The Myth and Danger of Multitasking

Multitasking is a myth and this myth is dangerous.


 

According to scientific evidence summarized by Dr. Guy Winch, multitasking is a myth and this myth is dangerous: multitasking increases chronic stress, depression, and anxiety, it decreases productivity and efficiency, leads to accidents, causes memory problems, and harms the brain, to mention a few issues.

For example, in Switzerland, multitasking and interruptions were reported to be top stressors for about half of the working population, according to the latest studies on stress and mental health by the State Secretariat for Economic Affairs of the Swiss Confederation and national charity Health Promotion Switzerland.

Neuroscience reveals that it’s impossible to do several things at the same time in a proper way because our brain is unable to handle several complex tasks simultaneously. This is supported by the evidence of the study conducted by the neuroscientists Dr. Etienne Koechlin and Dr. Sylvain Charron. Their research suggested that the brain splits into two hemispheres in order to handle two tasks and is unable to process more.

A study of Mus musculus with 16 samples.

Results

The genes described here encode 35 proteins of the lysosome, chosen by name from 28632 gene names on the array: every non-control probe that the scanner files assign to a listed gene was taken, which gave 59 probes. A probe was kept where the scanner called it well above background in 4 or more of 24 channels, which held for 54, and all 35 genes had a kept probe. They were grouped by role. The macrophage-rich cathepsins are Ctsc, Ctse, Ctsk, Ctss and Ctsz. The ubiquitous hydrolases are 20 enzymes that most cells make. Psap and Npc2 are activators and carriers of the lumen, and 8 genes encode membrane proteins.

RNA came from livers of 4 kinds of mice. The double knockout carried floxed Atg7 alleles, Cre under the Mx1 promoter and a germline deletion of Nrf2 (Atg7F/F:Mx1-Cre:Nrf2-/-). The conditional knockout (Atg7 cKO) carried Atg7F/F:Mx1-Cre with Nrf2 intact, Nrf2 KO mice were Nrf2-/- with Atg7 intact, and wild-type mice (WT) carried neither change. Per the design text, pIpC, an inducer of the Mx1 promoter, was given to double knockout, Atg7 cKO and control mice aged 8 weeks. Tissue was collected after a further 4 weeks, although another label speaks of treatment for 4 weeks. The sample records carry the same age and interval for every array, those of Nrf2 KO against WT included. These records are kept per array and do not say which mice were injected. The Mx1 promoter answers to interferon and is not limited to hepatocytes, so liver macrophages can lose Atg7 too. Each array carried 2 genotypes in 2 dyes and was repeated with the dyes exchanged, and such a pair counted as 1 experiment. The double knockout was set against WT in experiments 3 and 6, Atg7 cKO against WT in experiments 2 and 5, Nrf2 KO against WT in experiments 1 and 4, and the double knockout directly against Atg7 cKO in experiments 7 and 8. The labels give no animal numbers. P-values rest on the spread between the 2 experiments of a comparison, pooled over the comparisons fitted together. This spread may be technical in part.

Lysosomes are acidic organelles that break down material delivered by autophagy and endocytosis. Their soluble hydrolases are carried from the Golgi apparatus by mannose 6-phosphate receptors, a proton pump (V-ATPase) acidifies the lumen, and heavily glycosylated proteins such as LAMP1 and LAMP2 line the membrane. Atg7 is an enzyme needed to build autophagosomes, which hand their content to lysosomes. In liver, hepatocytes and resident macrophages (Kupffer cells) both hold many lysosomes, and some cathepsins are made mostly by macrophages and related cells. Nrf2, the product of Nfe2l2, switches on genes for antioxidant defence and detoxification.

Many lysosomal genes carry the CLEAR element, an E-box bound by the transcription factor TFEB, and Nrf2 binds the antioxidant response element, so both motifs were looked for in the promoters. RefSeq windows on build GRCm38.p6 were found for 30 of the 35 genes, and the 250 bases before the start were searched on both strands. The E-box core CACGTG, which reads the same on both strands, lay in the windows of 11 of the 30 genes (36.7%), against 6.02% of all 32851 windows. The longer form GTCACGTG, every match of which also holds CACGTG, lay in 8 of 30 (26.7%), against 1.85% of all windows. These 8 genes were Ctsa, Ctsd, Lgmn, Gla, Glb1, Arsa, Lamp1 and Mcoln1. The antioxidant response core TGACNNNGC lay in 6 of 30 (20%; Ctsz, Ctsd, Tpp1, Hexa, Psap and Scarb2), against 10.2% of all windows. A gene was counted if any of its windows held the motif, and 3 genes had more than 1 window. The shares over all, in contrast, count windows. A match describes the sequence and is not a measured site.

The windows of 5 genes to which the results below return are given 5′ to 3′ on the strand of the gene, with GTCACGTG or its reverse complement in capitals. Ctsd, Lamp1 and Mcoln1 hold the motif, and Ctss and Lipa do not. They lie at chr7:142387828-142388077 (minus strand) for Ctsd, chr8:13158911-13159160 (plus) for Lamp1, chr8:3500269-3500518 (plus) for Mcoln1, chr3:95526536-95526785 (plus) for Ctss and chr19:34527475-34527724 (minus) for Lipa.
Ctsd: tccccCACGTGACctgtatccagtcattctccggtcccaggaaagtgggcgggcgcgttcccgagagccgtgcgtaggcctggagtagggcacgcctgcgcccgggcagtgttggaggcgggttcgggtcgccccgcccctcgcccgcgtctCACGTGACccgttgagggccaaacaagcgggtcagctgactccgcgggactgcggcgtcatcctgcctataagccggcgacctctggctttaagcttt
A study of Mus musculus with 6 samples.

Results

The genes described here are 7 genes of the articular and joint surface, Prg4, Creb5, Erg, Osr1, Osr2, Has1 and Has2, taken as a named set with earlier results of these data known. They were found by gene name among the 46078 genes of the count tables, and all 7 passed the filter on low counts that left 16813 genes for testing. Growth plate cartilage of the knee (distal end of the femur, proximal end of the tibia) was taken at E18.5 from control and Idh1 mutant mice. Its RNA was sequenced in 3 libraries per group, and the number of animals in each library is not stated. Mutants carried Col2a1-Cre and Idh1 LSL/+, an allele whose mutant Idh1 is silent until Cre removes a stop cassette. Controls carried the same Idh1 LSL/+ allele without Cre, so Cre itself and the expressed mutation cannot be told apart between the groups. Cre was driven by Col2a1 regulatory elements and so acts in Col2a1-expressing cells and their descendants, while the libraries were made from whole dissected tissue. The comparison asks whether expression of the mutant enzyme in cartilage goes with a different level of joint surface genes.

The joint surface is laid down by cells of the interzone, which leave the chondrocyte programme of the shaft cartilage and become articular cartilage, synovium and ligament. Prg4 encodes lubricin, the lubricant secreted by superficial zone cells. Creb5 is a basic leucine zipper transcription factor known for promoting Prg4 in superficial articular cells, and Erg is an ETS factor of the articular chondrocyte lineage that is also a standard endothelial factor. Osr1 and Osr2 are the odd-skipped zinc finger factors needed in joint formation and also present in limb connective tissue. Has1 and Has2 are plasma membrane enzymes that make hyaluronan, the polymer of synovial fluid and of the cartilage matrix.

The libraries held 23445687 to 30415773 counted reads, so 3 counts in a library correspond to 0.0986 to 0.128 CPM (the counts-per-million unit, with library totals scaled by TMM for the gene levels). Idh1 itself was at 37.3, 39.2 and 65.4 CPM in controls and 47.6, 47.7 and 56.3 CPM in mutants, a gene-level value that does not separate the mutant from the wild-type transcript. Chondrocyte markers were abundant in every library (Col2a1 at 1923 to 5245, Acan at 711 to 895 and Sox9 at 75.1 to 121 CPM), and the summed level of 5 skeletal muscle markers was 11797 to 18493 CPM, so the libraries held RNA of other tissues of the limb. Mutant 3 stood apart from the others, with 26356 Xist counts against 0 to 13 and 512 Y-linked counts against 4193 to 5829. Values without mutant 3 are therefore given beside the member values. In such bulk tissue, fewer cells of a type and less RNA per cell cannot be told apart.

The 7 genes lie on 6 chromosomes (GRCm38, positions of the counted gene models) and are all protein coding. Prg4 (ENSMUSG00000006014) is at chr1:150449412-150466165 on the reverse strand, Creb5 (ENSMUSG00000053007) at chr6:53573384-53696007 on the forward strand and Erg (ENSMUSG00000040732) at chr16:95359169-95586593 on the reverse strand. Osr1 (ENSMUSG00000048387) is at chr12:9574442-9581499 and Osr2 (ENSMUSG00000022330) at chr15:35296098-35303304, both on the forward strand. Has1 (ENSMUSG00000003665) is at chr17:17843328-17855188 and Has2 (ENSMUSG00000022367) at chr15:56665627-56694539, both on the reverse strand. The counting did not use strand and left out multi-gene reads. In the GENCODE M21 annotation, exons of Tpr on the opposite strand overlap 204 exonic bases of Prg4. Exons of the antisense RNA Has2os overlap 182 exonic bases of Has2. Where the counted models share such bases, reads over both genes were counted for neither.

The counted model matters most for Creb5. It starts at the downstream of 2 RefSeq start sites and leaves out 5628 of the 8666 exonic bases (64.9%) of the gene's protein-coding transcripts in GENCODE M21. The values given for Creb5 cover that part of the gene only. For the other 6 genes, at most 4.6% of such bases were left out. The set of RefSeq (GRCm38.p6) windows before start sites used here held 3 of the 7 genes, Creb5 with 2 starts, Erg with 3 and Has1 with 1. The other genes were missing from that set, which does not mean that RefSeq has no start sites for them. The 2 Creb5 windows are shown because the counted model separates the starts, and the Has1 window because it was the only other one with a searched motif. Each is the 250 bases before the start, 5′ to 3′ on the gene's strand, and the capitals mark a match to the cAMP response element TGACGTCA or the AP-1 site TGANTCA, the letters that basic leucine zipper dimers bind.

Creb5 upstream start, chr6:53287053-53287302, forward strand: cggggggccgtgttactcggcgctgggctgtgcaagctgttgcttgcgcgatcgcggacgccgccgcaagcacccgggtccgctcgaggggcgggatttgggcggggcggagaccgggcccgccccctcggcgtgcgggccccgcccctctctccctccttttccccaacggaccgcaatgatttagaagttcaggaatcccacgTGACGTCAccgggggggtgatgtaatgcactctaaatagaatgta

It is creatively painted by Gestalt concept: this is one of the typical Gestalt images using multistable perception, which demonstrates that you can perceive only a certain figure – either a face or the vase, but not both of them simultaneously at the same moment with the same attention.

What we humans tend to do as well is simplifying what seems complex and unfamiliar to us, according to Gestalt perceptual segregation. We do this subconsciously in order to create meaning, avoid uncertainty and danger. This may add to the possible explanation of the fact why multitasking does not work.


Natalia Braun, MSc in Psychology from the University of Derby, UK, member of The British Psychological Society (BPS, MBPsS), Certified Assessor BPS TUOA & TUOP, Certified Professional Coach, Certified Gestalt Coach. Member of the International Society of Critical Health Psychology (ISCHP) and American Psychological Association (APA, International Affiliate). Natalia spent over two decades in change, human resources and communications management in international companies as well as journalism before transitioning into professional psychology. She lives in Switzerland and provides applied psychological services and workplace health consulting as well as career counseling in her private practice along with continuing engagement in research, dance, and embodiment.